Filtration systems remove arsenic from trailer park water

Perla Vargas, 11 gets water. Photo: Suzanne Potter/California Health Report.



Guadalupe Mendez and her husband, both farmworkers, live in a dirt-road trailer park with their three kids. Saint Anthony’s trailer park sits in rural Mecca, California, 30 miles east of lush Palm Springs. But they might as well be in the middle of nowhere – because the water and sewer pipes that serve the rest of the Coachella Valley stop five miles short of Saint Anthony’s. As a result, their sewage is piped into a waste lagoon near the park. And the water comes from a 40-year-old well – water that is tainted with a carcinogenic toxin: naturally-occurring arsenic.

A 1999 study by the National Academy of Sciences linked arsenic in drinking water to bladder, lung kidney, liver and skin cancer. The study also said arsenic harms the nervous system, and the heart and can cause birth defects and reproductive problems.

Fortunately, a local non-profit activist group called Pueblo Unido bought the park in 2010 and later installed a water filtration system to remove the arsenic. Guadalupe Mendez is grateful to have clean water for her family. “It was nasty. I used to go out and buy water – we had to live on 2 gallons a week. We would always run out, especially in the summer. I like the kids to drink a lot of water so I constantly had to go get more.”

Farmworker families like the Mendez’ scrape by on $800 to $1000 a month. So having to spend up to $80 a month on bottled water is a significant burden. Pueblo Unido makes the treated water available for free.

“The results were too high, so it was unhealthy for families to continue drinking the water. They bought bottled water which is highly expensive, plus the cost of the gas, it makes it very expensive to have water in this area,” says Sergio Carranza, Executive Director of the Pueblo Unido Development Corporation.

Six hundred people live in 90 trailers at Saint Anthony’s, including about 200 children. But the filtration system only produces 1,500 gallons a day and it’s only available from a tap on the filtration system’s shed. Each family must fill a 5-gallon tank and carry it home, where it is used solely for cooking and drinking. They still bathe and wash their dishes and clothes in the well water. The World Health Organization says that absorption of arsenic through the skin in minimal, so the practice does not pose a health risk.

Pueblo Unido estimates that 45,000-60,000 people live in small trailer parks with no access to conventional water or sewage. And the population swells by another 15,000-20,000 migrant farmworkers during the grape harvest from May-July. Pueblo Unido would like to install similar filtration systems, or at least filters that attach to each person’s tap, at the some of the hundreds of small trailer parks that dot the farmlands of the eastern Coachella Valley.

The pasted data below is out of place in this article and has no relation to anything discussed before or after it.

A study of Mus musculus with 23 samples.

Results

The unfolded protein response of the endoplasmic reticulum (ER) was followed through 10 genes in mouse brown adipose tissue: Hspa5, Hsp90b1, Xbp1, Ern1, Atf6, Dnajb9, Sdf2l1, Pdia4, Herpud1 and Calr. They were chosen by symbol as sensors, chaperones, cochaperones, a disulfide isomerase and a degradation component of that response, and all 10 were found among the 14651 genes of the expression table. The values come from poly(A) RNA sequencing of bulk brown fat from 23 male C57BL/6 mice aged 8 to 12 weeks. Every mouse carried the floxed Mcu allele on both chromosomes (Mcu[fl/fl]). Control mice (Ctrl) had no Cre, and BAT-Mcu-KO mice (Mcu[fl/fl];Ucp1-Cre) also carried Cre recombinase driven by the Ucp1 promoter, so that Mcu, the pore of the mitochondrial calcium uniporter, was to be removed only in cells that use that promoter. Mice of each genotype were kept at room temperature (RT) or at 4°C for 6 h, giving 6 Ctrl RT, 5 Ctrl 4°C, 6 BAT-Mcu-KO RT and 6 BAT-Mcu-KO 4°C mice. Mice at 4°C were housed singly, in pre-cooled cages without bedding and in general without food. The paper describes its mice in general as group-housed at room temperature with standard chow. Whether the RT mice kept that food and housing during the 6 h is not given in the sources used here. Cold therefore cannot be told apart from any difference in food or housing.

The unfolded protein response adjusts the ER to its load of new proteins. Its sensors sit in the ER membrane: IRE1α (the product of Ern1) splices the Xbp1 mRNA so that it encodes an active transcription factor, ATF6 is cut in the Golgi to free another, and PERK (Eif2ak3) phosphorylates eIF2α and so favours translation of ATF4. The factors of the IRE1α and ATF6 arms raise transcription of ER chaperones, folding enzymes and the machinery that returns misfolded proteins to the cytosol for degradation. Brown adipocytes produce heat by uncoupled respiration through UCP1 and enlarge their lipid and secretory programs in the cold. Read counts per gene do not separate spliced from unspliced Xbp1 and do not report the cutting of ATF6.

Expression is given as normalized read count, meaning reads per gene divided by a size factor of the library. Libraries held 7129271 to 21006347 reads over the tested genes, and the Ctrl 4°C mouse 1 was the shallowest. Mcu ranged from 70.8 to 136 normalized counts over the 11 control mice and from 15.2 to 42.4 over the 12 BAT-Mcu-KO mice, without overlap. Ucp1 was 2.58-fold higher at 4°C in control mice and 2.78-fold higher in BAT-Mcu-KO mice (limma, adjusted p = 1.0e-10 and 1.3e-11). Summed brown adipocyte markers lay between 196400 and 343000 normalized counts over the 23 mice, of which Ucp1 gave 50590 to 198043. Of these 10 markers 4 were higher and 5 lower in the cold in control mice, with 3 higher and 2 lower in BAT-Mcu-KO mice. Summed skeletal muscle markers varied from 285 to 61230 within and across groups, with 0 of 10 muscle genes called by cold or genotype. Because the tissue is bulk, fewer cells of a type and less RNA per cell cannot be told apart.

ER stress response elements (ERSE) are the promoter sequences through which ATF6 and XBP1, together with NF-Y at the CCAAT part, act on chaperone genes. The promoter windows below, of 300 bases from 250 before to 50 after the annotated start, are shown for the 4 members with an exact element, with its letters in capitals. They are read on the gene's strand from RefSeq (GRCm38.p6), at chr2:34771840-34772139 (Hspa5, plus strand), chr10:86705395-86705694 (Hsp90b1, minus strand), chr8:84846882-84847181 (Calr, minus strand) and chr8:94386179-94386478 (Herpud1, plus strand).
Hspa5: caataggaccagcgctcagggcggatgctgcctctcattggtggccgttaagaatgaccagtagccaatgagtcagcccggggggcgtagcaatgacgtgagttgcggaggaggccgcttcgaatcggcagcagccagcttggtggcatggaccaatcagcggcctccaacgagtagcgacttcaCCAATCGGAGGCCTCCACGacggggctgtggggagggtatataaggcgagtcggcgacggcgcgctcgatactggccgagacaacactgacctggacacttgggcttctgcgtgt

The National Resources Defense Council used the data from the National Academy of Science’s report to assess the cancer risk for people who drink 2 liters of arsenic-tainted water per day over 20 years. They found that arsenic levels of 25 parts per billion (ppb) leads to a 1 in 200 chance of getting cancer. At 50 ppb, the risk jumps to 1 in 100. The water at Saint Anthony’s well has tested as high as 30 ppb. The filtration system installed by Pueblo Unido has reduced the arsenic to undetectable levels.

The reverse osmosis filtration system costs about $36,000, plus $5,000 a year in maintenance, which is done by a certified inspector who tests the water once a month and reports it to the county and state water agencies and health departments.

“We did research on other technologies to remove arsenic,” says Carranza. We contemplated ion exchange treatment and also water absorption, which uses media to absorb undesirable things like arsenic. Our system contains 3 filtering devices which include carbon filters and a big membrane that actually removes the arsenic.”

Pueblo Unido pays for the system with money from the rents, as well as with grants from the California Endowment, the California Wellness Foundation, the Weingart Foundation, the California Department of Public Health (CDPH), and the state water board.

Carranza is now working to replace the existing well altogether, because it is small and on the verge of collapse. The CDPH gave Pueblo Unido a $250,000 grant to build a new secondary well, which is under construction now. The CDPH is reviewing Pueblo Unido’s application for another $1.2 million to build a much larger primary well, which will have the filtration system integrated into the design. By contrast, Carranza says it would cost the Coachella Valley Water District $22 million to connect water and sewer pipes to Saint Anthony’s.